I wouldn’t call it an “upside,” exactly, but the one thing I can say for this particular political era that we are in is that we have all been forced to learn about a lot of topics of which we previously had been somewhat ignorant. I know more about the Middle East than I’ve ever known; I obsessively follow Israeli politics; I mostly understand British politics and their parliamentary system; I am a lot more familiar with Syria and Turkey and the Kurds. I feel like I am very familiar with the intelligence community now, and I completely understand what the State Department should be doing. It’s a marked difference from the Obama years, in which it was easier to check out and say to ourselves, “He’s got this.”
And now, I’m supposed to keep up with the NBA? The only time I ever really hear about the NBA in my world is when progressive NBA Coaches Steve Kerr or Gregg Popovich say something woke that rightfully goes viral. There’s no flag controversy in the NBA. When an NBA team wins the Championship, there’s no controversy over whether they will meet with the President at the White House because we know they just won’t. By and large, the NBA succeeds as an organization in all the ways that the NFL fails.
Except, of course, that there’s more to the story. There’s always more to the story. The NBA can apparently verbally run roughshod over the Trump Administration because, by and large, their fanbase supports it. But don’t f**k with China, because then you start messing with owners’ paychecks.
This weekend, Houston Rockets general manager Daryl Morey wrote a fairly innocuous tweet showing support for Hong Kong protestors standing up to China. “Fight for Freedom. Stand with Hong Kong.” I would not have given a second thought to that tweet had I seen it, and yet, before the day was out, Morey had deleted it, apologized, and set off a public-relations nightmare for the NBA.
I was following this on Twitter last night and saw that the NBA had released a statement, and my first thought was, “Cool. The NBA’s got this.” Obviously, the NBA would support one of its own over a very innocuous tweet showing support for Democratic ideals against a Communist nation with a horrific history of human rights violations.
And then the NBA released this statement:
“We recognize that the views expressed by Houston Rockets general manager Daryl Morey have deeply offended many of our friends and fans in China, which is regrettable. While Daryl has made it clear that his tweet does not represent the Rockets or the NBA, the values of the league support individuals’ educating themselves and sharing their views on matters important to them.”
Wait, what?! WHAT? Did the goddamn NBA just … side with China? The NBA commissioner didn’t offer much help, either. “As a values-based organization that I want to make it clear … that Daryl Morey is supported in terms of his ability to exercise his freedom of expression.” In other words, Morey can advocate for Hong Kong’s freedom from Chinese oppression, but we don’t agree with him.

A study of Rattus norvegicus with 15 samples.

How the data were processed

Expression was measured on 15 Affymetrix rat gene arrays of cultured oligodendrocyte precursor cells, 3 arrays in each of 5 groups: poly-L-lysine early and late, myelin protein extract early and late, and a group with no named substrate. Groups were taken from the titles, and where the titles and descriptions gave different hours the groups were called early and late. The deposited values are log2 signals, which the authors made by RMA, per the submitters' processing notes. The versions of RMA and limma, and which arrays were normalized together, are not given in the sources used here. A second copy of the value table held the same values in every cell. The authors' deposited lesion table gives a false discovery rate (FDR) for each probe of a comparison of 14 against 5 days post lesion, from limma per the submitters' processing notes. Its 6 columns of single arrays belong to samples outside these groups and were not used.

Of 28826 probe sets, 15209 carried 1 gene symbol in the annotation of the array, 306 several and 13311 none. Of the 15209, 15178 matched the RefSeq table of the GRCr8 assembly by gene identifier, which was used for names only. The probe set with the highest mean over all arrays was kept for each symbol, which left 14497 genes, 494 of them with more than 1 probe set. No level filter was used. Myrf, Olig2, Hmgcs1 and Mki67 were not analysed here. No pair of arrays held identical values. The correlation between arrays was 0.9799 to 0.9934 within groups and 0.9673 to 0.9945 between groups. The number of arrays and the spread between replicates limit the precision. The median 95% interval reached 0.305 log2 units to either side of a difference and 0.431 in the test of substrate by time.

The owner of the Houston Rockets also threw his own general manager under the bus. In the end, Morey may even end up being forced out over all of this.
Listen….@dmorey does NOT speak for the @HoustonRockets. Our presence in Tokyo is all about the promotion of the @NBA internationally and we are NOT a political organization. @espn https://t.co/yNyQFtwTTi— Tilman Fertitta (@TilmanJFertitta) October 5, 2019
ESPN, meanwhile, was out there calling Morey’s tweet “controversial,” and James Harden — a Houston Rocket and one of the most popular players in the NBA — apologized to … China. “We apologize. You know, we love China. We love playing there,” he said after a practice in Tokyo today.
WHAT IS GOING ON?
Oh, capitalism. GODDAMNIT. It’s a swear word in Petr Knava’s house for a reason.
The NBA is very popular in China, where as many as 500 million people watch NBA basketball games. That’s more than the entire population of the United States. One of the most popular players in China was Yao Ming, who played for the Rockets, and who is now planning to suspend his relationship with the Rockets over this remark … in support of Democracy. Chinese sponsors and television networks, meanwhile, have also pulled out of their agreements with the Rockets.
Other owners are also speaking out against Morey. Here’s the Nets owner, Joe Tsai, in a Facebook post:
“By now I hope you can begin to understand why the Daryl Morey tweet is so damaging to the relationship with our fans in China. I don’t know Daryl personally. I am sure he’s a fine NBA general manager, and I will take at face value his subsequent apology that he was not as well informed as he should have been. But the hurt that this incident has caused will take a long time to repair.”
I think the problem is not that Morey was ill-informed. It’s that he’s actually informed. In the United States, this is not even a wedge issue between Republicans and Democrats. Both parties are coming out against the NBA here. Marco freakin’ Rubio is speaking out against the NBA and he’s not wrong.
Damnit, NBA. You made me side with Marco Rubio. MARCO RUBIO. That’s twice in one day that I’ve been forced to agree with Rubio.